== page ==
Police the 'Net
Will public policy make a difference in virus attacks and spyware infiltration?
Sometimes when you're right, you're right. I have been right about one thing for the past 10 years, and no it's not my view that TV psychic John Edwards and
psycho-babble blowhard Dr. Phil are both snakes. It's my long-held belief that a strong, relentlessly applied public
policy is the only way to put a dent in the number of jerks attacking our computers.
Why am I so irritated? It's because of Lauren, my 16-year-old daughter. I'm used to her ignoring me or rolling her eyes like I don't have a clue about anything. But I'm steamed that her laptop for which I paid good money is totally unusable, overrun with viruses, spyware and who knows what else.
I know some of you might blame me for not loading up her Dell lapper with protective software, but you'd be wrong. She has anti-virus and anti-spyware software and the XP firewall is turned on. Maybe it's her near-constant use of
IM, but somehow this garbage sneaks through all those defenses.
I'm also tired of Microsoft taking all the blame for this. Microsoft didn't write these viruses. It's impossible to protect PCs that are so liberally connected and incessantly attacked. It's time for a major national debate on how government and law enforcement should intervene. Of course, trying to get Fox News and CNN to talk about hackers is like getting Bill O'Reilly to admit to sexual harassment. For TV news, there's simply no time, what with the Congressional steroid hearings, the Michael Jackson trial, Terri Schiavo, the confirmation of Britney being pregnant and Ashley Simpson's horrible singing.
Experts tell me how powerless the government is against this problem, and that even if the United States did something to lock down, the Internet is so universal that attacks would shift to other countries. Great, so we should just give up and let software do all the work it's failing to do already? Wrong answer. Can government intervention solve the problem? Probably not. Can it help reduce the problem? It's worth a shot.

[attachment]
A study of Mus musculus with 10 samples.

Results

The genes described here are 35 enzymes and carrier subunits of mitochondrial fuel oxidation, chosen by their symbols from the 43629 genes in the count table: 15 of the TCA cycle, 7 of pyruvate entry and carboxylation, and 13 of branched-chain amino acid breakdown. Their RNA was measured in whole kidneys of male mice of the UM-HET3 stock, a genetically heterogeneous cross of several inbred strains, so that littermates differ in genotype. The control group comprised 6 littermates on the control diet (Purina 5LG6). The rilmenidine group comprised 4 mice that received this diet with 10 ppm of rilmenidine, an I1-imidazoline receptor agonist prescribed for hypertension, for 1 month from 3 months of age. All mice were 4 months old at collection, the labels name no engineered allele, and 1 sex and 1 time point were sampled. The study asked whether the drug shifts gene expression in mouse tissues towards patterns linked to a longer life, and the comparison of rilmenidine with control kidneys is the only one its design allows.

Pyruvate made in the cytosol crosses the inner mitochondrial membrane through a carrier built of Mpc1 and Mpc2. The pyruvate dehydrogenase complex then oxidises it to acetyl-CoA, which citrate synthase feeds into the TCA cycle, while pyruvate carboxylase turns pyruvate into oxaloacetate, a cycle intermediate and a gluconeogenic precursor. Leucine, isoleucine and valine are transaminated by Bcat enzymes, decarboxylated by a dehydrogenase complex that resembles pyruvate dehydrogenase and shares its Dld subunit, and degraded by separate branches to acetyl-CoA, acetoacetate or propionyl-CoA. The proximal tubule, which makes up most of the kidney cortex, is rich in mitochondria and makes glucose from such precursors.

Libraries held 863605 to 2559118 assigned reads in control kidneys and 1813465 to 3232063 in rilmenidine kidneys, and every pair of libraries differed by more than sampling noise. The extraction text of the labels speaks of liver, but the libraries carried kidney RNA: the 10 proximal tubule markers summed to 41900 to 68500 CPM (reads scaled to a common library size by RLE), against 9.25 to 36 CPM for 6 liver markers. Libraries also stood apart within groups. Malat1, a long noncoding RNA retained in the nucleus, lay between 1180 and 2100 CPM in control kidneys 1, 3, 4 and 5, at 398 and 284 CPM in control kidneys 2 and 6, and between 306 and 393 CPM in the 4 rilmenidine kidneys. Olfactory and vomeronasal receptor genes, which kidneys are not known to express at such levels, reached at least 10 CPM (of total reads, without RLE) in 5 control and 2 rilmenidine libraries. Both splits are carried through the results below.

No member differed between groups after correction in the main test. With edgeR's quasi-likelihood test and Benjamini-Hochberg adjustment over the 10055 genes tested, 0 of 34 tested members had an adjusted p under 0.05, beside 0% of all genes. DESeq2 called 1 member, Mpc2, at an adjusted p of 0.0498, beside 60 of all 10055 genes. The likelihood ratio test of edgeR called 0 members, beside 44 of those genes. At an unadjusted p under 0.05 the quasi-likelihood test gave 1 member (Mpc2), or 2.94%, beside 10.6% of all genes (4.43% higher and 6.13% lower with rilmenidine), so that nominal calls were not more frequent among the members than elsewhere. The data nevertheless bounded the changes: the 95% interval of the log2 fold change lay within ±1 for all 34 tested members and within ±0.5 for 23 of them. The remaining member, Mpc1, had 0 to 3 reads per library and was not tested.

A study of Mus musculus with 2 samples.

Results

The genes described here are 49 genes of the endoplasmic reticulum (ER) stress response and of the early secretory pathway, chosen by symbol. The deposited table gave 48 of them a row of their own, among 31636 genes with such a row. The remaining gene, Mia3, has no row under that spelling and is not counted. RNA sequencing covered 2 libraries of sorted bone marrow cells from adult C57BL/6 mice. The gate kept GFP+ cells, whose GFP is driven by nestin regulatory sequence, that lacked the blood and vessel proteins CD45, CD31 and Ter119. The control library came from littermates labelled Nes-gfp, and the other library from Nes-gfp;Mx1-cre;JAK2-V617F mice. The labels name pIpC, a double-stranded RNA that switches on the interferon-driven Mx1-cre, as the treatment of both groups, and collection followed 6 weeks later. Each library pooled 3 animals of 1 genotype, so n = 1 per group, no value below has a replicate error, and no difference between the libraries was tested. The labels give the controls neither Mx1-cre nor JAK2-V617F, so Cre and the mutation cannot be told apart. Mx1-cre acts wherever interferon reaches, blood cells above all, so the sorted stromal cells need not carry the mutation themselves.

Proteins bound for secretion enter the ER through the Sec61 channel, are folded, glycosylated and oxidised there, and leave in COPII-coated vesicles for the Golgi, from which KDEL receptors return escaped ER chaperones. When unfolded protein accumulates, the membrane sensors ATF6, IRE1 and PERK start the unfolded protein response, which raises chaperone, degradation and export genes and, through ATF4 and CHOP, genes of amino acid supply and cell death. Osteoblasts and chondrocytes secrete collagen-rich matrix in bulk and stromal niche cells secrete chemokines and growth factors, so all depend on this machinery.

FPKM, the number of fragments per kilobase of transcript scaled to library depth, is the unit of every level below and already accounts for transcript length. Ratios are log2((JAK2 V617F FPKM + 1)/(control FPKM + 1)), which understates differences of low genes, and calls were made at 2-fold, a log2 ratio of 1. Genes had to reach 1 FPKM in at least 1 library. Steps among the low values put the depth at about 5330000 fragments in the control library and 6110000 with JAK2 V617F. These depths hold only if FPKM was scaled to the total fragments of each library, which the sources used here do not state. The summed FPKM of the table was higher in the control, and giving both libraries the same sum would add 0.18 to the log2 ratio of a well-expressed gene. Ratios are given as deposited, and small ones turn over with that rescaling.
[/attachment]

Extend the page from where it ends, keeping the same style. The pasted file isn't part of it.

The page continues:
We need stronger laws, better enforcement and vastly better forensics. We also need to look at the informal structure of the Internet and decide if it's in the best interest of our national and personal security. Is anonymity a good thing if the bad guys can use it as a hiding place? What about building an identification-based subset of the Internet that is far more secure? You could connect from your company or home, and based on your credentials, you could access a limited range of safer sites. Beyond that horizon—you surf at your own risk.
Busting the Content Cops
If you haven't already, don't miss Becky Nagel's cover story, "Content Cops." In 2001, when I was the editor in chief of Network Computing magazine, I met with a Web filtering vendor who couldn't stop bragging about his product. The first morning one customer installed it, the IT folks got an eyeful. One of their own was looking at Web sites of a certain orientation. This IT pro, who was at work earlier than I've ever been, was outed by his peers. To the vendor, this was a success.
Those IT folks had no business invading this poor fellow's privacy, ruining his reputation and laughing behind his back. If content must be tracked to enforce written corporate policies, HR and management need
to handle these delicate issues, and they should be well trained. Do
you agree? Disagree? Let me know at firstname.lastname@example.org.
Doug Barney is editor in chief of Redmond magazine and the VP, editorial director of Redmond Media Group.